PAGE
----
What’s that in the Tub?

20 04 2011

I got to hold him down!

A dry suit is an important component of any cold water paddler’s portfolio. A dry suit makes a cold water day downright pleasant.

Further, when it comes to safety, a dry suit can save your life! As wonderful as they are, many paddlers balk at stepping up to a drysuit because of the cost. How much? A top Gore-Tex dry suit from Kokatat starts at $900.

Less expensive suits will still set you back several hundred dollars. But the materials won’t stand up like Gore-tex. I took my chances and bought a lightly used NRS Extreme Relief dry suit three years ago for $400.

All dry suits have latex gaskets, which need replacement from time to time. I just replaced my latex neck gasket and latex booties. But this past weekend I was teaching a rescues class, and was disappointed to find my butt wet by the end of class!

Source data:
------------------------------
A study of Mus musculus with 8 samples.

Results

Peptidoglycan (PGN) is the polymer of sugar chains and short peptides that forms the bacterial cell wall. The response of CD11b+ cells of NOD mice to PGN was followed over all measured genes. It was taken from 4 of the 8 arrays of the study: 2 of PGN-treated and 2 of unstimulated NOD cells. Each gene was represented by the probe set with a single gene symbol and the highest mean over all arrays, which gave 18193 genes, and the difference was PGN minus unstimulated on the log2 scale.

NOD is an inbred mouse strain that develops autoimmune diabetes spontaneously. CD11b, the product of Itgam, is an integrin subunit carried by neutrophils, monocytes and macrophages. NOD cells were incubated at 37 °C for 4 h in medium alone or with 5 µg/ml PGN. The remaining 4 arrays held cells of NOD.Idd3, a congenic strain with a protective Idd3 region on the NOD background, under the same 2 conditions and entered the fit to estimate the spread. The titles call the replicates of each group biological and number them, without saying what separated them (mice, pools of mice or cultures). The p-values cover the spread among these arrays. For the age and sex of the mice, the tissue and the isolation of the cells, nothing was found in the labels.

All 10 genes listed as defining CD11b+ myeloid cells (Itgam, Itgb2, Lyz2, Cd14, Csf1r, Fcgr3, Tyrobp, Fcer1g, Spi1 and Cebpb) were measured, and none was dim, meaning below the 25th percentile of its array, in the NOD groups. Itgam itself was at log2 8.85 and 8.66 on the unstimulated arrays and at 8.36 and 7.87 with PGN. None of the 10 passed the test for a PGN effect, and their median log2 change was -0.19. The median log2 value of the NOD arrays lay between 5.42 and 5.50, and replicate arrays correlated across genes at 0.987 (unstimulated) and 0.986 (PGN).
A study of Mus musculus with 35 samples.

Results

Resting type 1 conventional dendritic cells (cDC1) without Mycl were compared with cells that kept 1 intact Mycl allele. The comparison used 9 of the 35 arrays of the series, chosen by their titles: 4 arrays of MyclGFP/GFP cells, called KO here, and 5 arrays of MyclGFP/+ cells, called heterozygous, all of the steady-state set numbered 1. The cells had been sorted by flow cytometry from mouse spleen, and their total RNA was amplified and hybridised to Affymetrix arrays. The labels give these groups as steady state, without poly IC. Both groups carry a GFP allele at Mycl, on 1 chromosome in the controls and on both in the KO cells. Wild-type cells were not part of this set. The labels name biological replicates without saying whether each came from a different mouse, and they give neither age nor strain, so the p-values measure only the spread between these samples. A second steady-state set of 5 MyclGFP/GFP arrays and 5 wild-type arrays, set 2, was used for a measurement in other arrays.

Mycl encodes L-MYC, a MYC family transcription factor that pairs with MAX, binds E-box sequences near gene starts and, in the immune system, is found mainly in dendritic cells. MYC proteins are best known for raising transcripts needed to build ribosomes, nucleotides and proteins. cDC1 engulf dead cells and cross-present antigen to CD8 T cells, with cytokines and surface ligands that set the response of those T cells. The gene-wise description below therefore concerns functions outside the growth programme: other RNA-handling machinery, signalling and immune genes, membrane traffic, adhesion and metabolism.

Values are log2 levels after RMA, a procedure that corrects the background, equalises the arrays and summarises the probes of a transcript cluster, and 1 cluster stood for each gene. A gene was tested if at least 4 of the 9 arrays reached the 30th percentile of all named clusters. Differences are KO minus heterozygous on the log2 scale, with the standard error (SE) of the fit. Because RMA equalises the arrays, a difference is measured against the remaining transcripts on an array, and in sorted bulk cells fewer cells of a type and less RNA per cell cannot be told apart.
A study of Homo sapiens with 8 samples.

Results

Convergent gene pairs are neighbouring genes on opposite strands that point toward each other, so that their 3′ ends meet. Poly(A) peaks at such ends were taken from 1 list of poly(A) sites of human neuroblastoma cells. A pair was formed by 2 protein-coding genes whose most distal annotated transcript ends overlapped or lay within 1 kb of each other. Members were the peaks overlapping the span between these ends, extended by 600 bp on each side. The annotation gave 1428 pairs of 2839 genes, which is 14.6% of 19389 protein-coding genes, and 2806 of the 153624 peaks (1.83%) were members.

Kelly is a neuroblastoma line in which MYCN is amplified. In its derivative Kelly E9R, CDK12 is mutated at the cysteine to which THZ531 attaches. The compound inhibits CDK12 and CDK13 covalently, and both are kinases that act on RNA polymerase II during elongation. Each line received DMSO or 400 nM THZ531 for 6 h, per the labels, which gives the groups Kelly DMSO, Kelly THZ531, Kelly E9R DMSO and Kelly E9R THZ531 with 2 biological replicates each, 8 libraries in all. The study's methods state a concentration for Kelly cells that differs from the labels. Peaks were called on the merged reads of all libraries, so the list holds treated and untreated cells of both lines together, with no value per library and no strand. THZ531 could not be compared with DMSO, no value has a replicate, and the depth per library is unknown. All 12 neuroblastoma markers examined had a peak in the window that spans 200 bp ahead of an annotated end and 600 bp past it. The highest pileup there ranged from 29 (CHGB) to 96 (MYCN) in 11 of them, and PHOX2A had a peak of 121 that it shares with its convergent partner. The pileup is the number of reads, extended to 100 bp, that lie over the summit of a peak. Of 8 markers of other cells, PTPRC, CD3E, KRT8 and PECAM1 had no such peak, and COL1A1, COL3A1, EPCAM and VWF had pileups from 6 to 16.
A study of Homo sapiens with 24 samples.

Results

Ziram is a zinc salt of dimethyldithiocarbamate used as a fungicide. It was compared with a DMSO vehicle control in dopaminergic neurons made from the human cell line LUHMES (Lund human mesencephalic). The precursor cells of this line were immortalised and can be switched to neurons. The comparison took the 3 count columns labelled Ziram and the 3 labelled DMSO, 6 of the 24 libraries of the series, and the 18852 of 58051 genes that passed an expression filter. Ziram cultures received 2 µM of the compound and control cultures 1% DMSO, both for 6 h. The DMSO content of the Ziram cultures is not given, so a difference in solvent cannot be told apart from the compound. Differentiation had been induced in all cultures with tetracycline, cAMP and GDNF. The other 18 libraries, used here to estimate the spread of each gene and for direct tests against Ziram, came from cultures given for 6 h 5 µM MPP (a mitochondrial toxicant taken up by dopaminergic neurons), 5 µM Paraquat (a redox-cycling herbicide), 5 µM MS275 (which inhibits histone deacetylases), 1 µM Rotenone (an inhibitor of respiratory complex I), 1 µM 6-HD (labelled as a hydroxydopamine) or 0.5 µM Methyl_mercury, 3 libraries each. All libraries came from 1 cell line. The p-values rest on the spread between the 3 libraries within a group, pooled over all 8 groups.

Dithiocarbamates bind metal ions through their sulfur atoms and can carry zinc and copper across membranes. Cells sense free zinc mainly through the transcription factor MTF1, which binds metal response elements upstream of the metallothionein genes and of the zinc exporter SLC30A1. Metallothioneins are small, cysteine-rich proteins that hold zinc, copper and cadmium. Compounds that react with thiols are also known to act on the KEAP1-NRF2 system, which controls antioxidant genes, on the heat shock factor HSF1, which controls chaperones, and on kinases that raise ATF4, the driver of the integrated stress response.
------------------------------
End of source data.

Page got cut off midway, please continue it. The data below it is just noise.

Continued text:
When I took the dry suit off, my chest was dry. My fleece pants were dry. But my right foot had a little moisture. Underwear was definitely wet. Where did that water come from?

Thus begins the “find the leak” project. One way to detect dry suit leaks is to plug up the head and wrist gaskets and inflate! Then dunk and check for air bubbles.

But I wasn’t quite prepared for the amusement! Almost right away I felt sinister like I was trying to drown someone in my bathtub! I was pushing that suit around like I was trying to strangle somebody! Positively evil!

So, did I find the leak? No, not really. I pushed air into the legs and submerged. No bubbles. Butt/torso – well, there was one little tiny hiss, which then went away. I never saw any bubbles. I think it came from the end of the relief zipper? I do know I can use petroleum jelly on that end…and stop any water there…I learned how to do that.

But truly I think there is a leak somewhere else, and I just didn’t find it! Grrrrrr. Maybe I need to drown my suit in a pool, which is bigger!